The Chinese government has issued a permit to automotive design contractor CH-Auto Technology to build 50,000 electric vehicles per year, the third startup automaker to gain approval under a new licensing system.
Under a plan to switch from conventional powered vehicles to battery electric cars, China has opened up production to non-automakers, including technology companies,with a limit of 10 license permits.
CH-Auto Technology started out in 2003 as a designer of cars and purchased Qiantu Auto, which will manufacture EVs in its factory in the eastern city of Suzhou.
Qiantu’s first production car will be a small electric sports car not unlike the Tesla Motors Roadster that was unveiled at last month’s Beijing auto show.
Dubbed the Qiantu K50, the roadster features a carbon-fiber body and aluminum frame powered by two electric motors, one on each axle.
The motors will deliver a combined 400 horsepower and 479 pounds-feet of torque and should see the K50 hit 62 mph in around 4.6 seconds. The top speed is governed at 124 mph.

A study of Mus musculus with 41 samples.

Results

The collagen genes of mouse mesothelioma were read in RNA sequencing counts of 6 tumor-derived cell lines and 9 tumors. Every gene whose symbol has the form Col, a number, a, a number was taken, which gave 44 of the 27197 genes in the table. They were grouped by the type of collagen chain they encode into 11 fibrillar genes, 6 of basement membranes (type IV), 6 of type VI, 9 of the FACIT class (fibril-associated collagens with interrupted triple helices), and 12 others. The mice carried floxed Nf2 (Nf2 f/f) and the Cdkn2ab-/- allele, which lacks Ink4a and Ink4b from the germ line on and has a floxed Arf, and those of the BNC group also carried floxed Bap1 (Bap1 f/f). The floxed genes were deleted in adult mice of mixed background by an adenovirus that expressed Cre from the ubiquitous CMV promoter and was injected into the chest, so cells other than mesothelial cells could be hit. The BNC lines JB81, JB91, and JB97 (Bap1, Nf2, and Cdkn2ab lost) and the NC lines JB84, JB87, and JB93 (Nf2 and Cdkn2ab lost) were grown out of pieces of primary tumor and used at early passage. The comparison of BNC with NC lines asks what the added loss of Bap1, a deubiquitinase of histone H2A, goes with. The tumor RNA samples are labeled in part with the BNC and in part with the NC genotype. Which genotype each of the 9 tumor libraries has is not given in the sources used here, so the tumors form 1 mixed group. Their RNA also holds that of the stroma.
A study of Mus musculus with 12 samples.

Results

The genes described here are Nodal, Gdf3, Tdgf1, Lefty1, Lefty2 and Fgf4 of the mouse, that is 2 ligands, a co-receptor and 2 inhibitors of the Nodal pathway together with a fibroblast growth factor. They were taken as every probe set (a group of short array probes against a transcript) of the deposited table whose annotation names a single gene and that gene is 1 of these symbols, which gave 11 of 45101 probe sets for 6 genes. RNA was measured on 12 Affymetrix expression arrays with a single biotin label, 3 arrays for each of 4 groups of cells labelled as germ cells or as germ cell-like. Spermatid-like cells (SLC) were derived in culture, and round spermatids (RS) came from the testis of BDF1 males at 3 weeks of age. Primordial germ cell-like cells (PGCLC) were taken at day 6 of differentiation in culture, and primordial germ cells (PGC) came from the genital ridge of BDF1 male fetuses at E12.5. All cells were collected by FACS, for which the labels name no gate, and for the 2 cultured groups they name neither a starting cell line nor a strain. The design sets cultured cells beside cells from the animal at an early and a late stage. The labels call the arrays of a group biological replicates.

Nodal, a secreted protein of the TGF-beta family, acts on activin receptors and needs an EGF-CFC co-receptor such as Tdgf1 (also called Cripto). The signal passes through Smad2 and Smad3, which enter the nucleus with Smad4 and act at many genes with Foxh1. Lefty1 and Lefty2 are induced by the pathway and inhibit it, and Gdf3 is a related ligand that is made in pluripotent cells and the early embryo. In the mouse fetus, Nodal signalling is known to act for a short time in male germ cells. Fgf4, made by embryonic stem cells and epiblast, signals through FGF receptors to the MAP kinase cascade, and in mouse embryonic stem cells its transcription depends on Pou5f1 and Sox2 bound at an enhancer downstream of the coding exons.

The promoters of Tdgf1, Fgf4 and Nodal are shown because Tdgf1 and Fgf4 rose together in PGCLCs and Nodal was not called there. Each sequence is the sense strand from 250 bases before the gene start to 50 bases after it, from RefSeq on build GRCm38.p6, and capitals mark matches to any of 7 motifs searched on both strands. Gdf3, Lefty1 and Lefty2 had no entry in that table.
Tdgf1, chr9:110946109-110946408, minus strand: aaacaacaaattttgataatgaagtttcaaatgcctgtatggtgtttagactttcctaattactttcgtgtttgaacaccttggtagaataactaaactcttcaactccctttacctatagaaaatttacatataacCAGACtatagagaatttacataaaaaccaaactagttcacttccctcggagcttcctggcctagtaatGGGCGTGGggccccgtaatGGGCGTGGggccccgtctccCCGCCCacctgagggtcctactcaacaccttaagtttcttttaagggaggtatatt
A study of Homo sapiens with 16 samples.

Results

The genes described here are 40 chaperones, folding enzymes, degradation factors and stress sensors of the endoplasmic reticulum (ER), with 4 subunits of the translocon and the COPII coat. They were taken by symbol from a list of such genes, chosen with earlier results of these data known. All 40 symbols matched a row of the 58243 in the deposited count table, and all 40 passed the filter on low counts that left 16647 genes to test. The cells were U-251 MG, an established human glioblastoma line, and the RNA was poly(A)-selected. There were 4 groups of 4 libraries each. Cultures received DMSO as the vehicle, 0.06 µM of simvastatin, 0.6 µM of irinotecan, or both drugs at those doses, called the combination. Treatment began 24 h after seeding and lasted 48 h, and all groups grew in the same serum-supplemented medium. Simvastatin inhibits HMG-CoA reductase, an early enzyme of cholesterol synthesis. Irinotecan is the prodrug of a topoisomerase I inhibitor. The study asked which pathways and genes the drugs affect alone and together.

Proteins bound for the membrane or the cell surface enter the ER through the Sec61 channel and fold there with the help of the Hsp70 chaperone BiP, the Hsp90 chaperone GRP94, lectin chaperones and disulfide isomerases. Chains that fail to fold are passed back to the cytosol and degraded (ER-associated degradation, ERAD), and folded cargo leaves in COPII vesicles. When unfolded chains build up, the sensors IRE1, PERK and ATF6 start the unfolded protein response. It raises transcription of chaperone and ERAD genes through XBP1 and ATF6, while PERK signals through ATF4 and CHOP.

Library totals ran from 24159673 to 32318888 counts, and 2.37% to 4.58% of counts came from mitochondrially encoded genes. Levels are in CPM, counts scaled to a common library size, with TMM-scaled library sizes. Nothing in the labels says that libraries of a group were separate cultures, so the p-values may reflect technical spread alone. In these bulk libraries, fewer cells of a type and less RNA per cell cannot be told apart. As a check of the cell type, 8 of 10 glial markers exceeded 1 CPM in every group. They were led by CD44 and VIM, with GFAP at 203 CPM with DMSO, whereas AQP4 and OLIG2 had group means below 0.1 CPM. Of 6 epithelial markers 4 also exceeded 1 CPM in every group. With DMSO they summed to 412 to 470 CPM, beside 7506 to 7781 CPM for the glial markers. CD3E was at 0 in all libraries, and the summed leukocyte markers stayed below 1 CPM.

What isn’t clear is the driving range and who will supply the batteries.
With a targeted price of $105,000, Qiantu plans to sell the K50 in the U.S.
“We attach great importance to the U.S. because of its size, and it is also an open market where we see opportunities for our car,” Qiantu’s president Lu Qun said in an interview with South China Morning Post “We want to be there and compete with others.”
The company has started building prototypes, and if all goes according to plans, Qiantu will have the K50 ready for production in the second half of 2017.
Qiantu has already drawn up plans for five additional cars, with a mass-market model to come after the K50.